AUDIO: GBA Dean Takes Stock



Contact: News & Media Relations Bureau
(212) 636-7576
tstoelker@fordham.edu


 
Dean Gautschi's webinar address was postponed due to Sandy.
Photo by Tom Stoelker

In a December 11 webinar address to the Graduate School of Business Administration (GBA) community, David Gautschi, Ph.D., dean, gave a frank assessment of the school's standing and its plans for the future.

"This is not your father's GBA," Gautschi said of the school, which was traditionally geared toward the part-time MBA student. "That is no longer what we are doing."

While the MBA remains a core to the curriculum, efforts are underway to redesign the program and eventually "bring it back up and put it in lights."

The new normal for all business schools in the New York region is that part-time MBA enrollment is dropping. Meanwhile, Master of Science offerings continue to grow at the school.

"We are adapting to the realities of the market as we are encountering them and attempting to anticipate how the market will evolve," he said.

The dean did not shy away from using blunt business language in laying out plans for the academic institution. Indeed he embraced it, saying business doesn’t operate at an academic pace.

"Businesses change fast, we need to change fast," he said.

The webinar, which was postponed due to Hurricane Sandy, is part of an ongoing effort by the school to use technology to reach its ever-expanding community. Fifty percent of the GBA student body comes from abroad.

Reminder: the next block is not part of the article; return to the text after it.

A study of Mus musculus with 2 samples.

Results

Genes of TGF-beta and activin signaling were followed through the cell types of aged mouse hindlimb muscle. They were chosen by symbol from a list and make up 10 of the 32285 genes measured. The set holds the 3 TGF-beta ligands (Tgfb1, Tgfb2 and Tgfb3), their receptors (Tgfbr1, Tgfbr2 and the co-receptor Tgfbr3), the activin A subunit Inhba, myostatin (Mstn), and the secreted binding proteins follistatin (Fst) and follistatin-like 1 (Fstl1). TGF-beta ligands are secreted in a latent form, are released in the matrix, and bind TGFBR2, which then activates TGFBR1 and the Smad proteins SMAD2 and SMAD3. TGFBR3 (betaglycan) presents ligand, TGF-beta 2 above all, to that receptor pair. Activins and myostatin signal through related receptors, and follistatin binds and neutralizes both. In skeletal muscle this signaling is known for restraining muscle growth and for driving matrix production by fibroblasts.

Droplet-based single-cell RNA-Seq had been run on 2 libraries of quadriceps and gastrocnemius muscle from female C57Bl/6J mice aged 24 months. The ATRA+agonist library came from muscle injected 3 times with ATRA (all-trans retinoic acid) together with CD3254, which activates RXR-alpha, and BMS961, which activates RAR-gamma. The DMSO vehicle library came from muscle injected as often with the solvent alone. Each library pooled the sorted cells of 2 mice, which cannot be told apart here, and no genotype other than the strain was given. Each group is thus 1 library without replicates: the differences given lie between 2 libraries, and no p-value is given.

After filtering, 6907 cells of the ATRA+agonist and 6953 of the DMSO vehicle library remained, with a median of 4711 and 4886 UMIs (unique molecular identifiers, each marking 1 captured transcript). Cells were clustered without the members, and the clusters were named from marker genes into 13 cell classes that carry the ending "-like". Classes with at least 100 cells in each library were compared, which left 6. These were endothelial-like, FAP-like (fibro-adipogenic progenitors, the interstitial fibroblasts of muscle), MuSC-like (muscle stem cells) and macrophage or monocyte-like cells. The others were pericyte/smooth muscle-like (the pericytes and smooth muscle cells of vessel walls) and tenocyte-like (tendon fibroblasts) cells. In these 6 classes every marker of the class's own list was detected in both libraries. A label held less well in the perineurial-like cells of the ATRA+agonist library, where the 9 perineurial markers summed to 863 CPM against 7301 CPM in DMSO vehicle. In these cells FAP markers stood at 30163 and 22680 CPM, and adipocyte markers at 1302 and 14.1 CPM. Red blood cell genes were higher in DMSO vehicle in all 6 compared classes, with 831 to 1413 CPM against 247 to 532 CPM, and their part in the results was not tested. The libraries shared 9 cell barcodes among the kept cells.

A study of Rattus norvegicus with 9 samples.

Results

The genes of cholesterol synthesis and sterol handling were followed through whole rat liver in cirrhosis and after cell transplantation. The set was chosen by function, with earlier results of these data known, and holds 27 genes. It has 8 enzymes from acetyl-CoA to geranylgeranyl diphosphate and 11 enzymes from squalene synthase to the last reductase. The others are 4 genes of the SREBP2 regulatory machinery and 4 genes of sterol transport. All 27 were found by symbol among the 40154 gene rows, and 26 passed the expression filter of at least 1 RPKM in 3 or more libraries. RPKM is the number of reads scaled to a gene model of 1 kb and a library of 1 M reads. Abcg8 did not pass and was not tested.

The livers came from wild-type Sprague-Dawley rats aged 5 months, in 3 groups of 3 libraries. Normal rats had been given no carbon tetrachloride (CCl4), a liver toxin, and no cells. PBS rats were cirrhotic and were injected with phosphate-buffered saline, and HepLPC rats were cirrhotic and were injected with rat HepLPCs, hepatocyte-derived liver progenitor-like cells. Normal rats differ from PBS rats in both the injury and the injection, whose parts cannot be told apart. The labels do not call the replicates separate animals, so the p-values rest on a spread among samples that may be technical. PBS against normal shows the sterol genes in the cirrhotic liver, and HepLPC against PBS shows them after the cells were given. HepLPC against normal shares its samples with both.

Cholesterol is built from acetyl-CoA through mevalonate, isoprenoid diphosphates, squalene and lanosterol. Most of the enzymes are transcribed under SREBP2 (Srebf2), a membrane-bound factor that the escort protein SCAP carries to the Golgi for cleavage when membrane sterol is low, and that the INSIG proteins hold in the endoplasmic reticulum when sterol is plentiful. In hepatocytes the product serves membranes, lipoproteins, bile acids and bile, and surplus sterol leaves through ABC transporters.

"We're in the early stages of using social media to engage our far flung community," said Guatschi, adding that response has been positive. "The early returns are good."

The webinar can be heard here in its entirety:



Founded in 1841, Fordham is the Jesuit University of New York, offering exceptional education distinguished by the Jesuit tradition to more than 15,100 students in its four undergraduate colleges and its six graduate and professional schools. It has residential campuses in the Bronx and Manhattan, a campus in West Harrison, N.Y., the Louis Calder Center Biological Field Station in Armonk, N.Y., and the London Centre at Heythrop College in the United Kingdom.